If you like Hilary Mantel, you'll love...



Type Books owner Jo Saul believes that if you like Mantel, you'll love another book based on a historical figure: Louis Riel: A Comic-Strip Biography by Chester Brown. She stopped by The Next Chapter to explain why:



Bring Up the Bodies takes place over a short period of time, just nine months. It's basically the downfall of Anne Boleyn. What Hilary Mantel is able to do is take this period of time and really only focus on the three weeks leading up to the trial and the trial itself and show this intense period through the eyes of Thomas Cromwell. He's working on so many levels. Mantel humanizes him and give us this version of him that explains why he goes after this so avidly, why he has this revenge fantasy. But we also see him as a father and we see him as a friend and we see a more human side of him. She makes us care so much about this character that has been vilified over the years. The way Hilary Mantel is able to reconstruct him historically is really fascinating.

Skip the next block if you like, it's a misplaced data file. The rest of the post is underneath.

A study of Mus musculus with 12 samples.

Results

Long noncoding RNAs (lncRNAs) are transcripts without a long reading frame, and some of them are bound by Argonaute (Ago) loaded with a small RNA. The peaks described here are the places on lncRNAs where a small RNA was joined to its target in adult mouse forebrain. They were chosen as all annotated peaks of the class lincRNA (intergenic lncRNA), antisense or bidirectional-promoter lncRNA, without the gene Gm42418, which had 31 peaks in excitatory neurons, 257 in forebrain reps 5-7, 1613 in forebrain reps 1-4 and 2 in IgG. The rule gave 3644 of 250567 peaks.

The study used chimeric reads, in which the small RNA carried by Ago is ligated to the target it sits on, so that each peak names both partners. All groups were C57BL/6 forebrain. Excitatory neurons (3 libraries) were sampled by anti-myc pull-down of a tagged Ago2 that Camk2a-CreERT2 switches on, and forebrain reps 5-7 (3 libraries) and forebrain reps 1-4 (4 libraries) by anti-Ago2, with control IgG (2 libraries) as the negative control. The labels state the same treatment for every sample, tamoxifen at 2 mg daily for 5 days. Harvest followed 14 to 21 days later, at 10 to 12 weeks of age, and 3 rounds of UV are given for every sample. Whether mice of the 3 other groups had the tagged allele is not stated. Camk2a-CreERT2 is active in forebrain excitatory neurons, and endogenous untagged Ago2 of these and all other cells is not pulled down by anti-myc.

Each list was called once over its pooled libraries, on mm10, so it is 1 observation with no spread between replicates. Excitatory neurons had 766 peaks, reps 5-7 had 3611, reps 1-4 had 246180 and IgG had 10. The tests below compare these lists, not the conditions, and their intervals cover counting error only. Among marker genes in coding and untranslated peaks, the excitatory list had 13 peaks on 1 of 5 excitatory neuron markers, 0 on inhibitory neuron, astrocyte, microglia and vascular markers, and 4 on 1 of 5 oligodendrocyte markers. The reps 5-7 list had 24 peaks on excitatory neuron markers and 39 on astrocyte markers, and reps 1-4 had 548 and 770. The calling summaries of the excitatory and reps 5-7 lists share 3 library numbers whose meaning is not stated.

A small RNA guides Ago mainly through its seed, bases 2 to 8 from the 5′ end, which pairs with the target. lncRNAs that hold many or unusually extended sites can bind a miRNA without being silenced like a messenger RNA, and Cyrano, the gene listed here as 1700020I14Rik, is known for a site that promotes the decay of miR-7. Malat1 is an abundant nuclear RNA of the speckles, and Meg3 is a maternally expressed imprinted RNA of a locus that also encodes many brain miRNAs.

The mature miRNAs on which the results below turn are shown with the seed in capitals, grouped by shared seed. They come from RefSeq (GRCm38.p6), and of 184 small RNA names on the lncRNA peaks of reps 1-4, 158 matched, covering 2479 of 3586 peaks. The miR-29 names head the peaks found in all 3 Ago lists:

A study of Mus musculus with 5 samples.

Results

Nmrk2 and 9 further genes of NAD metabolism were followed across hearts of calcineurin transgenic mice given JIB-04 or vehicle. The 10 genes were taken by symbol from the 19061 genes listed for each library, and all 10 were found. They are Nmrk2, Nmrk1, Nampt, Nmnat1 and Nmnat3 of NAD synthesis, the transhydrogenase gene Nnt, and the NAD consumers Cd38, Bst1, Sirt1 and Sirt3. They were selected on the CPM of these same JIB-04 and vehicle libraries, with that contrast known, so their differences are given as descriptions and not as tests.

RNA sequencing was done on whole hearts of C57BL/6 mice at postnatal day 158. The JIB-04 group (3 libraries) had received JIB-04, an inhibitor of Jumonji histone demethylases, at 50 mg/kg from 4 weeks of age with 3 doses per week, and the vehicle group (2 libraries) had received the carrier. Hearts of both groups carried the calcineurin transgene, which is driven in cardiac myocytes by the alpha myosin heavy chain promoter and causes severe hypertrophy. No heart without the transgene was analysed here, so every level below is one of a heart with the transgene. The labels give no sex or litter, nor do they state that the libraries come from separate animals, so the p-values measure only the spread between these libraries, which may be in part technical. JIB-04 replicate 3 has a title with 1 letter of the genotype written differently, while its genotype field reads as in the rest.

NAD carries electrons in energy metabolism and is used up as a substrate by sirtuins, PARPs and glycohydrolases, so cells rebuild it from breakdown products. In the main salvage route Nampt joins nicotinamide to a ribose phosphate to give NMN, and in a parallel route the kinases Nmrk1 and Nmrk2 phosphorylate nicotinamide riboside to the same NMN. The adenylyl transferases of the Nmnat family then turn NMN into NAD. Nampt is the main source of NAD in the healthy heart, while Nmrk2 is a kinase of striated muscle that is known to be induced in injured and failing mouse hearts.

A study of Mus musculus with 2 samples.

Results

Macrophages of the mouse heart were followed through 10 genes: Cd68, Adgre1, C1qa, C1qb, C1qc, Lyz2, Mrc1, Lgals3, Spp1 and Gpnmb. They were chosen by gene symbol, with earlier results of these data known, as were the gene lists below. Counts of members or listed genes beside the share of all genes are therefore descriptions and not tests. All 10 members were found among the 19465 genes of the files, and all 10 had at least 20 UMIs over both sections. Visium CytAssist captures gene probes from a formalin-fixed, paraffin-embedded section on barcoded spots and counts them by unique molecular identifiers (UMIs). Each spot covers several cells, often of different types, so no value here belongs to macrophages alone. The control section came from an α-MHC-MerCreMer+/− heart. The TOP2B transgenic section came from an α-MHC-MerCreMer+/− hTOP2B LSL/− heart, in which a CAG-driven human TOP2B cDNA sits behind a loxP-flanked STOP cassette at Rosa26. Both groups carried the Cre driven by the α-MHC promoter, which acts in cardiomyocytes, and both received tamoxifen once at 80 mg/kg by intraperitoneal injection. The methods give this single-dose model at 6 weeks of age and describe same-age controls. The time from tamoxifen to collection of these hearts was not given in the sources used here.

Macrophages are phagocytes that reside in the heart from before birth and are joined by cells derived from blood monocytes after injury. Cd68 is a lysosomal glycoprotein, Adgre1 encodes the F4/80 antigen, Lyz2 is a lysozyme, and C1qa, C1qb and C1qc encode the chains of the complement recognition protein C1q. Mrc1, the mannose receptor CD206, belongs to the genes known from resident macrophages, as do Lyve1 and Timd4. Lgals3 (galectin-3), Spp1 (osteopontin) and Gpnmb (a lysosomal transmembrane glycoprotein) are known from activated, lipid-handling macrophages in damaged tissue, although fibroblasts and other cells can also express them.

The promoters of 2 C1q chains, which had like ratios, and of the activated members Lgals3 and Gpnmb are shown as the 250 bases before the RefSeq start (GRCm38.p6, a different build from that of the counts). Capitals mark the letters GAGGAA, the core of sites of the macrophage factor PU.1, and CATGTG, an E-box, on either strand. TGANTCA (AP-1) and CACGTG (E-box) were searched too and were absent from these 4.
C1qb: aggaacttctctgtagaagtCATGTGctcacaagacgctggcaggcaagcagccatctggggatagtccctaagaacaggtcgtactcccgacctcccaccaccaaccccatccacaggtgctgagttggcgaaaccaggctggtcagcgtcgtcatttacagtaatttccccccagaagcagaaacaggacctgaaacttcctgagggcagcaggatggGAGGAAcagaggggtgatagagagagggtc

Why Hilary Mantel fans will love Chester Brown's Louis Riel:

Louis Riel was executed for high treason and it was a similar British law that allowed Anne Boleyn and, later, Thomas Cromwell to be executed. But that's not all. Thomas Cromwell is this misunderstood character in British history and I don't know a more controversial character in Canadian history than Louis Riel. I think they have that in common. Both of these authors are looking at history as a way into these characters. Yes, they are telling these national histories, but they are exploring characters as well. Louis Riel is a lightning rod for so many issues in Canada. There are so many different ways of viewing him. These are all things Chester Brown is interested in.



Jo Saul's comments have been edited and condensed.